Flex-N-Gate plans to hire 650 with proposed Detroit facility

- A new manufacturing facility is coming to Detroit and leaders say it will bring hundreds of jobs to the city.

Mayor Mike Duggan unveiled the new proposal to use the vacant lot at the I94 Industrial park and bring jobs to the city through an Illinois-based company. Duggan's proposal will go to the city council this summer or fall but he's confident it will pass.

The company, Flex-N-Gate, is a major auto supplier and is looking to open a facility in the next few years. Shahid Khan owns the company - as well as the NFls Jacksonville Jaguars - and says it makes good business sense to open up shop in the D.

"We've got plants all over the world, I think 11 in Michigan, but I think this is a site, it's good business, but we can also serve a social purpose. Coming here and creating good middle class jobs," Khan said.

The project would revitalize 30 acres of land that's not being used and proved roughly 650 jobs when production starts. Even more important to Duggan is that they're hiring Detroiters and keeping them employed.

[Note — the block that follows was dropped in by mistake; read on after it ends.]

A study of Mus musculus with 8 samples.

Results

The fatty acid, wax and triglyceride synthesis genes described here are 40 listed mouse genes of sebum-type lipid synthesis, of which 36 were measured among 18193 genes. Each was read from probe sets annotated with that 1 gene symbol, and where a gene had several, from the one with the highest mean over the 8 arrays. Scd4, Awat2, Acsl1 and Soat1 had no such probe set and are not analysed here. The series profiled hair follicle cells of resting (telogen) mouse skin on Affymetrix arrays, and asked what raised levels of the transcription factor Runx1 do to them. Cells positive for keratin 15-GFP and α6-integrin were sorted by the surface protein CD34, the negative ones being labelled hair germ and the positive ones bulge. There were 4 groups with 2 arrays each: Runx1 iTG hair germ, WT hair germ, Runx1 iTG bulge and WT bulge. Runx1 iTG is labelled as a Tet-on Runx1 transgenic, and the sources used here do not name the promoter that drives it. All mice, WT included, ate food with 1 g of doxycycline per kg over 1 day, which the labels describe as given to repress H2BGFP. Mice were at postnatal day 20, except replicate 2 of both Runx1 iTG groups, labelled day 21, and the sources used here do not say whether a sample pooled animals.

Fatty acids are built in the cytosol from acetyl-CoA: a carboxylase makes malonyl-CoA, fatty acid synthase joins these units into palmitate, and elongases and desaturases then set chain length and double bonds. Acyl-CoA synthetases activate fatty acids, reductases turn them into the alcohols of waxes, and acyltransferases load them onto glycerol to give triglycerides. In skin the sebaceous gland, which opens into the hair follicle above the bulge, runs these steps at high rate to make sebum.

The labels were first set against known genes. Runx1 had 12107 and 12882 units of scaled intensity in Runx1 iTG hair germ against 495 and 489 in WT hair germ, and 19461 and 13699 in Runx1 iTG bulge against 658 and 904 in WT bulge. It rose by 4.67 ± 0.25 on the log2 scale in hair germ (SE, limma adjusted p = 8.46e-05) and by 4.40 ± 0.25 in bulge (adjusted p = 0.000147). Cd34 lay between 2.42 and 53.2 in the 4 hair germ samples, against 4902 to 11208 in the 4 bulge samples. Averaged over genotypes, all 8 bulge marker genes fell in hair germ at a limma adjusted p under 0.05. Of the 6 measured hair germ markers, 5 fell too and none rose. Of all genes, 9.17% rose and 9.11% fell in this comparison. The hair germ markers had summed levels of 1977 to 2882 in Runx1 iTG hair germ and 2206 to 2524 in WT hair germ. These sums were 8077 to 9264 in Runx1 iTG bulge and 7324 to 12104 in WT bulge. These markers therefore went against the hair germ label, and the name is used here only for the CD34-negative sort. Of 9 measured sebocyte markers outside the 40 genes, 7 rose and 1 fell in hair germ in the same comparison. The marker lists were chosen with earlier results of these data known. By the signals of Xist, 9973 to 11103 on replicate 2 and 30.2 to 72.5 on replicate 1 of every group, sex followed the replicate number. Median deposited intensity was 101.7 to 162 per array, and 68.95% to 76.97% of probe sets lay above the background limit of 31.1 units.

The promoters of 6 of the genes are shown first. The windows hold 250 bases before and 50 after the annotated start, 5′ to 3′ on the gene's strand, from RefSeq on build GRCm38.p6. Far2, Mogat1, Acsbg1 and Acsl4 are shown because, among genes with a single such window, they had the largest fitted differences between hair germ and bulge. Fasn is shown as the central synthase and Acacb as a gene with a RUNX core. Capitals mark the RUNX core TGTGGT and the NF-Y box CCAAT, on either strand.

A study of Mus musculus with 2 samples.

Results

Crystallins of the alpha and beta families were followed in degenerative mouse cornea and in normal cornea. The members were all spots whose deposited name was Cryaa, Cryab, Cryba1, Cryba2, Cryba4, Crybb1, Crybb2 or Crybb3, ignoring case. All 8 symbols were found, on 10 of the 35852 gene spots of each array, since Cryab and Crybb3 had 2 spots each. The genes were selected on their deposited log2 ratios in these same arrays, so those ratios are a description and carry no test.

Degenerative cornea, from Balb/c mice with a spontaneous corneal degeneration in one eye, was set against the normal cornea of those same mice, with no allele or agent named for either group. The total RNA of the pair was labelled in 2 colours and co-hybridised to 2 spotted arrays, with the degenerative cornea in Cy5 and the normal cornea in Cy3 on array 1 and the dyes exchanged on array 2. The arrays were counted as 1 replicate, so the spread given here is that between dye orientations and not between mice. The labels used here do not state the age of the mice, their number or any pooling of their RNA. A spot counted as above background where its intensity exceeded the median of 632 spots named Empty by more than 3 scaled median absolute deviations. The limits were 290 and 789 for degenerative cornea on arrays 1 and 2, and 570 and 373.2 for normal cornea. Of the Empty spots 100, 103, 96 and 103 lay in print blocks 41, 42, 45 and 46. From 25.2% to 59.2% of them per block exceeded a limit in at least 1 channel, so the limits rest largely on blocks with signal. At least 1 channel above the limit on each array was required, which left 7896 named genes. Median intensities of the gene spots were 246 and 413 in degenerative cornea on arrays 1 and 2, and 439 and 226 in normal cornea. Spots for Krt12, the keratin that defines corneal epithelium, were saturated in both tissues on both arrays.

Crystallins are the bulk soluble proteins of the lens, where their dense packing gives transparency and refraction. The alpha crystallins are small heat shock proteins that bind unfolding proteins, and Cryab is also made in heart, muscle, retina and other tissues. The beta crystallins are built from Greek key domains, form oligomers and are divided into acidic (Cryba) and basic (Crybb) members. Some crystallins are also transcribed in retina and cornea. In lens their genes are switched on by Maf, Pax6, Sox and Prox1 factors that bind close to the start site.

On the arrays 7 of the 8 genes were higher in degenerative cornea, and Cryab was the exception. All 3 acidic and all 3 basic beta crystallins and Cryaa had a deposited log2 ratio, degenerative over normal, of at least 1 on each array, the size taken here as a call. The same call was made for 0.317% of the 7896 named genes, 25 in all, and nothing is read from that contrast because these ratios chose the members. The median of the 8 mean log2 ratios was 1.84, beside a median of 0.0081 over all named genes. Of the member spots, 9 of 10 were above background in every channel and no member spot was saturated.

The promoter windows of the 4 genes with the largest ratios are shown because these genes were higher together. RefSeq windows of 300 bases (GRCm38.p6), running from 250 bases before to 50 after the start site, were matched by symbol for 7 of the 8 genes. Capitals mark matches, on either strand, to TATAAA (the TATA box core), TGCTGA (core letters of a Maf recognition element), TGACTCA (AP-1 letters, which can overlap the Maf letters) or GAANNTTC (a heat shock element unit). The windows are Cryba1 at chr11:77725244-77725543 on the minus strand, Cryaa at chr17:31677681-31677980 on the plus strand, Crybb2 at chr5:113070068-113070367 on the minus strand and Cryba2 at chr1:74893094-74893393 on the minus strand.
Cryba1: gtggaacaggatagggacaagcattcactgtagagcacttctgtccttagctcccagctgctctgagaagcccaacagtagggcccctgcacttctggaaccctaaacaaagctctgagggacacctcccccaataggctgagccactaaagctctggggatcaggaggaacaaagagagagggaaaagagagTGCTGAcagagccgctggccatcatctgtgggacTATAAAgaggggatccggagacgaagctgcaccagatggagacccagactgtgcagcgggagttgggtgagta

"They have plants in Royal Oak and Sterling Heights. They're talking about hiring Detroiters, and even before this plan is open, putting them in the other locations, putting them to work, getting them trained. Because you don't just flip the switch one day and have 400 people who know how to assemble a single bumper," the Mayor said.

That's what people like Walter Brown want - is to keep people employed in Detroit. He used to work in the area and remembers what it used to be.

"This used to be a striving area far as industrial," Brown said. "My thing is keep the people you say is going to be on the job, keep them there to where they have no excuse they cannot work there."

Abraham shaw says he would have preferred the city sought public input residents in the area regarding noise and traffic in the beginning before moving forward, that will now be done over the next six weeks. However, he's happy to hear about more jobs, and the positive impact it could have.

"Jobs in the city is a good thing, maybe it can stop some of these kids, pick up a pen and get to work," Shaw said.

The mayor says once the city gets final approval, that will be the time for residents start inquiring about the opportunities.